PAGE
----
Even if you have years of experience with wine, it’s always good to review the basics. Here, we offer some of the essential “how-tos” of ordering, opening, serving and enjoying your wine of choice.
How to Open a Bottle of Champagne
Remove the foil wrap and untwist the wire cake, keeping your hand on the cork. Hold the cork in a kitchen towel and support the base of the bottle against your mid-section. Twist the cork while holding it and wiggle it out of the bottle, opening it gently.
If you want to make a splash, you could pop the cork dramatically by shaking the bottle vigorously, then use your thumb to push the cork up from the bottom. DO NOT point the bottle at any friends or valued objects.
How to Chill Wine
Contrary to popular belief that red wines should be served at room temperature, they actually taste better when chilled. As a rule of thumb, red wines should be served at an optimal 60- to 68-degree temperature, while white and rosé wines are best served at a temperature between 49 and 55 degrees. To cool reds, refrigerate them for approximately one hour before serving.
How to Decant Wine
You decant wines to aerate them, or add air. This is especially beneficial for high-tannin red wines as it will smooth out the flavor. If you have the time, decant your red wine up to two hours in advance. To speed up the aerating process, decant from container to container several times to increase the air/wine ratio. To aerate just one serving, pour your reds through a Vinturi Wine Aerator directly into your glass.
How to Keep Wine Fresh
According to the pros at Wine Enthusiast, the best way to preserve unused wine is to replace the cork properly, inserting the stained side into the bottle. Refrigerate your wine; the cooler temperature will retard exposed wine from breaking down. Plan to drink it within a day or two.
Air pumps and seals are also available, like the Vacu Vin that sucks the air out of the bottle, or tasteless, odorless gas like Private Preserve that can be sprayed into the bottle to replace the air. Or invest in a Corvin™ wine extractor tool which allows you to enjoy your wine by the glass without pulling the cork.
How to Taste a Wine
To properly taste a wine, first look at its color, then its opacity. Tip the glass to see how the wine thins out near the rim; a thin wine will look pale and watery near the edge. Swirl the glass by its base on a flat surface to release the aroma compounds, and look for “legs” that indicate more alcohol and glycerin content, and a bigger taste and greater mouth-feel.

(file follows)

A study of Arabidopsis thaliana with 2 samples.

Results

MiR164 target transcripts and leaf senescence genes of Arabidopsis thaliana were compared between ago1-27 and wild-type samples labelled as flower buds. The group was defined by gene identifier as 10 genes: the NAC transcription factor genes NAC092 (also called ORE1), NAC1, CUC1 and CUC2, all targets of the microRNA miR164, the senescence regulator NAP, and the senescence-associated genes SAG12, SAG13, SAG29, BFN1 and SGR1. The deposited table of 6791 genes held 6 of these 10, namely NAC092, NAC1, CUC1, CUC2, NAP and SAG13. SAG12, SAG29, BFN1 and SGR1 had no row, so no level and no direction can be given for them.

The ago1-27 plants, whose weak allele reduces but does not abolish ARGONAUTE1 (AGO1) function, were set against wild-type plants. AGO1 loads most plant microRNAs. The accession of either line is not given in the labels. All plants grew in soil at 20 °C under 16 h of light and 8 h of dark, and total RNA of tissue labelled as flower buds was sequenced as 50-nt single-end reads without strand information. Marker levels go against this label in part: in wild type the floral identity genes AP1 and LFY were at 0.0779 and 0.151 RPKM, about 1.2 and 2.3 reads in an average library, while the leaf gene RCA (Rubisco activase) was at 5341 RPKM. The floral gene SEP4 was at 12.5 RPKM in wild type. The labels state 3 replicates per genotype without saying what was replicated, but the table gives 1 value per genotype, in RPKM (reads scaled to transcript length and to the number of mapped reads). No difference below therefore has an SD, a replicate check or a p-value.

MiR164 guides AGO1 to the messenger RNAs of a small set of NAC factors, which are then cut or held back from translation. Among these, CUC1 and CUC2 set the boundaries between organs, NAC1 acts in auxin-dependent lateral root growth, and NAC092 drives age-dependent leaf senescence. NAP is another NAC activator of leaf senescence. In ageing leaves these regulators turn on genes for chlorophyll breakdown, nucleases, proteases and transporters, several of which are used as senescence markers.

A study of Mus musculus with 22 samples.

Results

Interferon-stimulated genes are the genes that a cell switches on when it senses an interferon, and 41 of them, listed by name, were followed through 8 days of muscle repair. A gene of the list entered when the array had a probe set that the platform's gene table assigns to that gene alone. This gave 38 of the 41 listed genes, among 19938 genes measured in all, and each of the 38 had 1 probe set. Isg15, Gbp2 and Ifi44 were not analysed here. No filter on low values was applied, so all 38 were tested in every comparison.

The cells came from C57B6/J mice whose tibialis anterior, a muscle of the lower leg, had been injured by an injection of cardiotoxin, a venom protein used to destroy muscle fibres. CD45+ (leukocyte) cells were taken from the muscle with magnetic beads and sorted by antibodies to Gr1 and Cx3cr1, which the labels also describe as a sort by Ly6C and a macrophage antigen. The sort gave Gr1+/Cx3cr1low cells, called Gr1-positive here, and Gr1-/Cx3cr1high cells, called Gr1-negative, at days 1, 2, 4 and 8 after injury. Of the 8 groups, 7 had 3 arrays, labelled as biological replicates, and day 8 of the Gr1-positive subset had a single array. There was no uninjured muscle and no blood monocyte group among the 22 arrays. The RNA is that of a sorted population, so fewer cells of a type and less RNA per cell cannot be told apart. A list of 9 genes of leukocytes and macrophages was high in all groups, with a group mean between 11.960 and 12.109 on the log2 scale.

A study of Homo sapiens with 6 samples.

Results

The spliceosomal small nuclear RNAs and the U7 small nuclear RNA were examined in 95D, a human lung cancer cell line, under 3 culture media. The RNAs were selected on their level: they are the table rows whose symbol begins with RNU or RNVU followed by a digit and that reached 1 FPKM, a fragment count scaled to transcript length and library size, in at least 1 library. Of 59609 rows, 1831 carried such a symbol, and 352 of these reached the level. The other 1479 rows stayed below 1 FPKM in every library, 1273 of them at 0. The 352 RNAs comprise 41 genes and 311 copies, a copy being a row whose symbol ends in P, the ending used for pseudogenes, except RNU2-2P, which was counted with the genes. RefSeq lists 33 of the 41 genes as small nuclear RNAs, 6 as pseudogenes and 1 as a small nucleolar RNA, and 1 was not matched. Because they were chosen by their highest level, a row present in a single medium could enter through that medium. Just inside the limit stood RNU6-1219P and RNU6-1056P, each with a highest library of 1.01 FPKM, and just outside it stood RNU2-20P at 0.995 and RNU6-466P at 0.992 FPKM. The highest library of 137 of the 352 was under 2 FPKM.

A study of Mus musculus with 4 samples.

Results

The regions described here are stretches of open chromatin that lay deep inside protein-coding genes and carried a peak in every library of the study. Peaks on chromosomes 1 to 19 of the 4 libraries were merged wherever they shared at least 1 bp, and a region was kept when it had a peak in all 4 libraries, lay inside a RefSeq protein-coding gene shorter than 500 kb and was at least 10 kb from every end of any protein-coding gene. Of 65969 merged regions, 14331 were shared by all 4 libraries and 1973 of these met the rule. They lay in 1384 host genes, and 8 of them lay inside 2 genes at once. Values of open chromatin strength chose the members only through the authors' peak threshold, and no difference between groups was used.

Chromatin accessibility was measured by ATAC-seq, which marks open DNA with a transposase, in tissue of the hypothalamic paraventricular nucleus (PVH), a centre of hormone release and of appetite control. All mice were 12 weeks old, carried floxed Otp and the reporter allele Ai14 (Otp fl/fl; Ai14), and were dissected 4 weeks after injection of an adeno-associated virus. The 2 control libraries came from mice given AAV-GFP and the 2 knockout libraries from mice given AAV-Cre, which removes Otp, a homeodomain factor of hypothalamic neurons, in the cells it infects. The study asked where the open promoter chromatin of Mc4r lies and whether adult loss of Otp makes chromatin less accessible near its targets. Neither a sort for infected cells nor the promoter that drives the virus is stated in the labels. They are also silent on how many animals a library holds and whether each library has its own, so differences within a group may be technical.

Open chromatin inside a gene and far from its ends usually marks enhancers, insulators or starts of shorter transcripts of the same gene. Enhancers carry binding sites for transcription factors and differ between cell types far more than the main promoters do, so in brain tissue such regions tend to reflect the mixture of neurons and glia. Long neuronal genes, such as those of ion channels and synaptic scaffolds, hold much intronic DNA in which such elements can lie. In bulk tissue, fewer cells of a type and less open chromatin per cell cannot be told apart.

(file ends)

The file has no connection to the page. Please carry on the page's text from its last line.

Hover over the glass to sniff the wine, looking for recognizable aromas like floral, herb, fruity or earthy tones and to detect faults. Taste the wine, noting texture, acidity and tannins, mouth-feel or fullness, and the length of taste from the beginning to the finish. Experience how the flavors can change.
How to Recognize Bad Wine
If you experienced a wine that tasted like vinegar, you received a bottle that spoiled. Like many products, wine has a shelf life, especially when opened. Indications of a wine that’s gone bad include a cloudy appearance, a film in the bottle or around the cork, a color change or “browning” effect, or tiny bubbles. Using your nose, you can detect a sharp, sour or medicinal smell. If the wine makes it past these senses but tasted vinegary or gives a burning sensation to the nostrils, toss it out.
How to Expectorate Wine
When you attend a tasting serving dozens of wines, you cannot be expected to swallow them all and still make it home. Believe it or not, the polite thing to do is spit it out. Some sommeliers recommend carrying a paper cup for spitting, and for discretely expectorating your wine. Use a bit of force when spitting so the wine does not dribble down your chin.
How to Handle Corkage Fees
While some restaurants allow diners to bring their own bottle of wine to the meal, many charge corkage fees, or a surcharge for opening and serving the wine. To avoid embarrassment, call the restaurant ahead of time, or at the time of reservation ask about their corkage policy and fees. Expect that fees could run $20 or more per bottle. Bring your bottle in a nice wine carrier, not a paper bag.
How to Impress a Girl
To impress a girl (or a guy), learn the basics of wine, like the various varietals and how to pronounce them. This way you will seem knowledgeable when ordering in a restaurant. If you don’t know how to order or want to avoid revealing the price to your companion, simply point to the wine you want. The sommelier will understand. When the wine arrives, don’t sniff the cork. Swirl your glass to aerate the wine, and take a sip. Look at your server and confidently say, “That will be fine.”
Most of all, wine is to be enjoyed, whether in solitary or amidst the company of others. In the words of Napoleon Bonaparte, “Wine is inspiring and adds greatly to the joy of living.”